There are too many bison in Yellowstone. Some will be relocated to tribal nations
Yellowstone's bison population is booming and will be culled. Scott Simon talks to Troy Heinert, executive director of the InterTribal Buffalo Council, about how tribes are involved.
SCOTT SIMON, HOST:
More than 5,000 bison roam Yellowstone National Park. That's too many, according to the National Park Service. Nine hundred of these bison will be culled - hunted or caught and slaughtered. A small number will be relocated this winter as part of an agreement reached by wildlife officials and tribal entities. Troy Heinert is executive director of the InterTribal Buffalo Council, also a member of the Rosebud Sioux Nation, and joins us now from Nevada. Thanks so much for being with us.
TROY HEINERT: Well, thank you for having me on.
SIMON: This is because of the threat of a disease, I gather.
HEINERT: Well, it's a threat of the disease, but it's also about restoring, you know, wild buffalo to tribal nations. That's what ITBC's main focus on because we know our tribes have the capability to manage and grow those herds and, you know, get the pristine genetics that Yellowstone buffalo have.
SIMON: Well, tell us about that and what your hope is.
HEINERT: Well, Yellowstone buffalo are the cornerstone of the species. They're the last free-roaming wild buffalo that go back to the same buffalo that our ancestors followed and made their life from. So tribes are very interested in keeping that species alive and that genetic alive and bringing it into their own tribal herds, and as well as the spiritual and cultural connections that we have to those buffalo.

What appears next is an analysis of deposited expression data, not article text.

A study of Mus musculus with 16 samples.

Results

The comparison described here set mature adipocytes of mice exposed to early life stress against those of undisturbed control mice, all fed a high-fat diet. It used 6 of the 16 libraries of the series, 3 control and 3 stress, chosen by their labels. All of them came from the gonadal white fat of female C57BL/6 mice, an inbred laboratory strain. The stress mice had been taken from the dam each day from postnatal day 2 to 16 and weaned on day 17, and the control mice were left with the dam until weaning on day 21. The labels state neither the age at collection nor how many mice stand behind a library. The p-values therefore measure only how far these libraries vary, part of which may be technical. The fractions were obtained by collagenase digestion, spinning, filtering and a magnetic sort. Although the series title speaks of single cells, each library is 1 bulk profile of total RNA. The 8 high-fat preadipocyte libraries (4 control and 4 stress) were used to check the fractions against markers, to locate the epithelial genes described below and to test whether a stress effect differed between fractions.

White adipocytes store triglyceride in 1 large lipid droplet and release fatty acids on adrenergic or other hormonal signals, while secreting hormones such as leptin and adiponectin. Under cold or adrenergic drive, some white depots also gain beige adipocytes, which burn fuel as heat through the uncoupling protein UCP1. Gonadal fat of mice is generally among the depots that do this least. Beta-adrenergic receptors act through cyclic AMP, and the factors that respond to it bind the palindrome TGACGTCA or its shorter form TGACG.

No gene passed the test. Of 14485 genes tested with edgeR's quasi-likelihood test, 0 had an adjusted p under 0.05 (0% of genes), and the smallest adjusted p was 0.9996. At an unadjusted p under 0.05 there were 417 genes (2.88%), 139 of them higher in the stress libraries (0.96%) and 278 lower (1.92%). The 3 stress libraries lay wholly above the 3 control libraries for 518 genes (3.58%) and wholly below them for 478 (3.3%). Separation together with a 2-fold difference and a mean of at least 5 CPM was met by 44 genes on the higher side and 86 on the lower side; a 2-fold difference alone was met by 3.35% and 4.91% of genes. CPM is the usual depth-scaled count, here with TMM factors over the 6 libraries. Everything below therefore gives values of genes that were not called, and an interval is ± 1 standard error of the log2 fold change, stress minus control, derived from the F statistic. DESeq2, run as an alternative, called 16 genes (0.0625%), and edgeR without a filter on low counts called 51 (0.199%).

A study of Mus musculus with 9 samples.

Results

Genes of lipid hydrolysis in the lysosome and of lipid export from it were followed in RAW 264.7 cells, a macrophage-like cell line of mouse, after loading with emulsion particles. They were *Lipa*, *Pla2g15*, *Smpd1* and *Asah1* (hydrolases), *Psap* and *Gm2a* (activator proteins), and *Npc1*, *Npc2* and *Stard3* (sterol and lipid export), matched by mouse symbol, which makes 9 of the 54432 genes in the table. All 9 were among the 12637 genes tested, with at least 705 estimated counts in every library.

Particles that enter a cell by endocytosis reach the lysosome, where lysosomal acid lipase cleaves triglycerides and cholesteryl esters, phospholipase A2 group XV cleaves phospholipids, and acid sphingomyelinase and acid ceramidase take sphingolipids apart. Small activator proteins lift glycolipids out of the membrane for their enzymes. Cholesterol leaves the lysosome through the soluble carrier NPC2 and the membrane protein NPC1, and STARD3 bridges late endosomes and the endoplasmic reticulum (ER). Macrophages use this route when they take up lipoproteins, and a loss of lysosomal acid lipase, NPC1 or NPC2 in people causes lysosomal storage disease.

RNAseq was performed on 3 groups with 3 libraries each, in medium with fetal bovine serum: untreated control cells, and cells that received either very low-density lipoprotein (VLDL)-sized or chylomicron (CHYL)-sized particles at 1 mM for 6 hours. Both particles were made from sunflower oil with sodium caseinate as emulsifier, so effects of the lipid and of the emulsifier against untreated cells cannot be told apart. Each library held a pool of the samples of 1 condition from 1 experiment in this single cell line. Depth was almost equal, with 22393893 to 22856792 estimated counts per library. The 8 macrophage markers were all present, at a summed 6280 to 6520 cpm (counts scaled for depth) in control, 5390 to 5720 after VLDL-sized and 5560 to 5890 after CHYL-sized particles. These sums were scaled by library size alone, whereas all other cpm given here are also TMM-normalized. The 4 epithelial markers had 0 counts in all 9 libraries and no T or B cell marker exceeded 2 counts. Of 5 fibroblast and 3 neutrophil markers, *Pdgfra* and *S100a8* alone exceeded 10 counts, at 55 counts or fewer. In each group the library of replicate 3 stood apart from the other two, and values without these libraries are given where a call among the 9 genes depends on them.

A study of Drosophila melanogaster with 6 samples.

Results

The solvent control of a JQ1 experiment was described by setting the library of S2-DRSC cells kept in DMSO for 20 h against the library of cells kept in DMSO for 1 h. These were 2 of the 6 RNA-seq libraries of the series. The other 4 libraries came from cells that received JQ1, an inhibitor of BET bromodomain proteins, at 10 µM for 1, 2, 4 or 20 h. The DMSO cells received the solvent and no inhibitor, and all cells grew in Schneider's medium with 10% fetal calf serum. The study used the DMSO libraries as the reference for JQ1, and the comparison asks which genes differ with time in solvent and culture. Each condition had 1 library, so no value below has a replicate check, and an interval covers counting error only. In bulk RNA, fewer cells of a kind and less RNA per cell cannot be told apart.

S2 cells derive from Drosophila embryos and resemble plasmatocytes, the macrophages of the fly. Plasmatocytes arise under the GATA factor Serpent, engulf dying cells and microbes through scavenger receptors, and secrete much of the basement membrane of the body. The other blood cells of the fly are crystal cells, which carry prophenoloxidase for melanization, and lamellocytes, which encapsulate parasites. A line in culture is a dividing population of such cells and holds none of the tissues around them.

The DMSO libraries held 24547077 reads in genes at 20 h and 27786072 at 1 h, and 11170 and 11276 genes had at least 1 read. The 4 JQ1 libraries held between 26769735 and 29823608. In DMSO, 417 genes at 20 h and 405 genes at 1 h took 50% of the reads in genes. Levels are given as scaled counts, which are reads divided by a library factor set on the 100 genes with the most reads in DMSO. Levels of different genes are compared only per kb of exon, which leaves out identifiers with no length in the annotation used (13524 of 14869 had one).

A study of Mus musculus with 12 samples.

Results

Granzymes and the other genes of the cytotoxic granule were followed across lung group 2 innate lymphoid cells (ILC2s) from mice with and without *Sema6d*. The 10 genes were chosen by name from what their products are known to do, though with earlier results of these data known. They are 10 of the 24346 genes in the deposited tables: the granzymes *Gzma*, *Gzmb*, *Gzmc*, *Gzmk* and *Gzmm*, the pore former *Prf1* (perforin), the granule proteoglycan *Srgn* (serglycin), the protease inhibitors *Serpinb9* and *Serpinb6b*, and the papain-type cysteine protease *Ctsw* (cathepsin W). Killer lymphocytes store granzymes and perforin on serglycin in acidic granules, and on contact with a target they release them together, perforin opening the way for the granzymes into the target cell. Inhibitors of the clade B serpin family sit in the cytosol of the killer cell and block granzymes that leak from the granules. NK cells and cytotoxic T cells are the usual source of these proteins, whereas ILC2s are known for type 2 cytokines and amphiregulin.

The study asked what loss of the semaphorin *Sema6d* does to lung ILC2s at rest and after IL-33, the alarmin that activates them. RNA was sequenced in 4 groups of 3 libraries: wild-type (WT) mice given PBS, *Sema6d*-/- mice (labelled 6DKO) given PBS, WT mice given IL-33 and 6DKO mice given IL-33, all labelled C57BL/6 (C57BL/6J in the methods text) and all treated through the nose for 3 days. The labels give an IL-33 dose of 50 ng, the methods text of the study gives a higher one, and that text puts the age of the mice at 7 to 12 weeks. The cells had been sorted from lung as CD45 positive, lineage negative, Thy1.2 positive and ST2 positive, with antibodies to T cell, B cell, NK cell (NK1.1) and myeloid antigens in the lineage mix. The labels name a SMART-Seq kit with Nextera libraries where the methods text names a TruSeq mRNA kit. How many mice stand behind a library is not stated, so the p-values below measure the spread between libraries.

SIMON: Well, tell us about that.
HEINERT: The Lakota people and then ITBC, which has 76 member tribes, all have a unique connection with buffalo. Buffalo was our main food source. It was shelter. It was tools, weapons. But it was also more about learning. Our young men watched buffalo and saw how the males protected the cows and the calves. And it gave us a sense of resilience. You know, we view the buffalo as a relative, and we try to treat them as such. And many tribes have their own ceremonies and songs as it pertains to buffalo.
SIMON: Why is there such a limited number of bison who can be relocated? Would you know, Mr. Heinert?
HEINERT: The facility is just not big enough. And we're working on that, working with, you know, congressional representatives and park managers to increase the size and the capability of catching more of these animals.
SIMON: You must have some very mixed thoughts about this - on the one hand, happy to welcome bison back into some communities. On the other hand, there's a loss, too, isn't there?
HEINERT: We know that we have tribes that can take care of these animals, so it is kind of difficult when some of those animals are culled, you know? But we also understand that, you know, the ceremonial hunts, the neighboring tribes and the agreements that they have with the park - you know, we can support those efforts as well because that is a cultural and a spiritual connection to that. So, you know, it does kind of feel like we have some mixed feelings. You know, our focus is let's get as many live buffalo to as many tribal nations as we can.
SIMON: Troy Heinert is executive director of the InterTribal Buffalo Council and also a member of the Rosebud Sioux Nation. Thanks so much for being with us, Mr. Heinert.
HEINERT: Thank you very much. I really appreciate the time.